The session is now in its fourth week, and the pace has not let up as the deadline for crossover approaches. If you want to watch our work, you can find links to the live and archived versions of the floor sessions here, and committee sessions here.
GUNS AND WAR MEMORIALS
Last Friday was Groundhog Day and we have again witnessed the defeat of most of the gun safety bills. These are often referred by the Speaker to a small subcommittee of largely rural legislators, where they are dispatched quickly in party-line votes. I had two bills (HB 1009 and HB 1019) that both met this fate. The first was a bill to add the City of Charlottesville to a list of jurisdictions where semi-automatic weapons are not permitted in public spaces. The second was a bill to allow localities throughout the Commonwealth to prohibit the carrying of weapons and firearms into a permitted demonstration area. Both of these bills were filed in response to the events of August 11th and 12th. Each was defeated on 4 – 2 votes in a small subcommittee of the Militia, Police, and Public Safety Committee of the House. Similar bills have also died in the Senate, along with other gun safety measures.
My bill (HB 1225) to clarify the law related to war memorials met a similar fate in a different committee. The bill was narrowly tailored so that it involved only war memorials from the Civil War. It also exempted monuments that have been designated on the National Historic Register, and further provided for a public process before any local action could be taken, including the possibility of a public referendum. The bill nonetheless died in subcommittee. You can see my presentation about the bill here.
DOMINION AND THE REPEAL OF THE SO-CALLED “RATE FREEZE”
I have been skeptical of the measures (in both House and Senate) proposed to date to address utility over-earnings that resulted from General Assembly action in 2015. I support returning the State Corporation Commission (SCC) to full rate regulation over electricity providers, including Dominion; rebating over-earnings by Dominion and the other utilities to consumers; and providing needed incentives for investments in renewables and in weatherization to assist with energy conservation. There is a compromise now under consideration that we will see shortly. As I have stated repeatedly, I will not vote for a bill unless it includes both consumer rebates and expansion of renewables.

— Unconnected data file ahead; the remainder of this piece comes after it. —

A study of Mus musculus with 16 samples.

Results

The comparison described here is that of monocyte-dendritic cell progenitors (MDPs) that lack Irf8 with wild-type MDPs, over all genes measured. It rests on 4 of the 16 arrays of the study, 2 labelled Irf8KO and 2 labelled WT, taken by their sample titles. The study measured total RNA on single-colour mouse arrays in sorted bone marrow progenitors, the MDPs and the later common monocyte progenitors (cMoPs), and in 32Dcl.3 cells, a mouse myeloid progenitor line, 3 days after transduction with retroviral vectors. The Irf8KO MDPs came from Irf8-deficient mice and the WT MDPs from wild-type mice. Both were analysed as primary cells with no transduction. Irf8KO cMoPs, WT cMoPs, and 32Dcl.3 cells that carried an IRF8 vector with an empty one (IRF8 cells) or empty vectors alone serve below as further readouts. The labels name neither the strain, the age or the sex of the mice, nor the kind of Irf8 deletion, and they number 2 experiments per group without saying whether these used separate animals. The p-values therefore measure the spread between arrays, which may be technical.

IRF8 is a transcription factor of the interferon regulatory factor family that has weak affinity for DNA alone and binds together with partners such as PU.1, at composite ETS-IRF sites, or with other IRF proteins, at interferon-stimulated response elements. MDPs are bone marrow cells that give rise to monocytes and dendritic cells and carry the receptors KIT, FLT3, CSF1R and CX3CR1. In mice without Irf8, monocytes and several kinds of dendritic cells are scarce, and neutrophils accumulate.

During last year’s campaign, I promised to bring a bill to create a tax credit for energy storage systems, such as batteries, as a further incentive for individuals and businesses to adopt this type of advance in using renewable energy sources. That bill (HB 1018) was reported by a Finance subcommittee on Friday, and will be heard by the full committee on Wednesday. This is a significant bill that would give a number of companies greater incentives to market and encourage installation of energy storage systems in the Commonwealth. We have a major energy storage company in Virginia, Fluence, but they largely do business in Maryland, because it has such a credit. The hope is that we could involve them, as well as other companies such as Tesla, in marketing energy storage systems to residential and commercial customers.
My study designed to understand better how to provide incentives for this area (HJ 101), has also been recommended for passage. When we are able to store and retrieve renewably-generated energy effectively, everyday use by customers will expand dramatically. One of the challenges with renewable energy sources, especially solar and wind, is that energy is only generated when the source is available. But if you can store excess energy on site, it makes it possible to dispatch it when the source is not available, even at night. This will help with improving grid resilience and stability, as well as lessening people’s energy bills.
WORKFORCE AND OTHER BILLS
Last week, the House passed two of my bills, including one that will provide more protection to victims of abuse (HB 1364) by closing certain court proceedings to the public.
In the next few days, the House will consider, and hopefully pass, a bill (HB 1262) that would allow the Commonwealth to donate surplus motor vehicles to Virginia community college foundations. This idea, brought to me by Ridge Schuyler from PVCC, if passed, would add another source of vehicles to the pool PVCC maintains to help low income persons get to and from workforce training classes, as well as new jobs being located for them.
RESPOND TO MY SURVEY
I hope you will return your survey to me as soon as possible. Your comments really do matter and I hope to hear more from you as the session proceeds.
You can also take the survey online.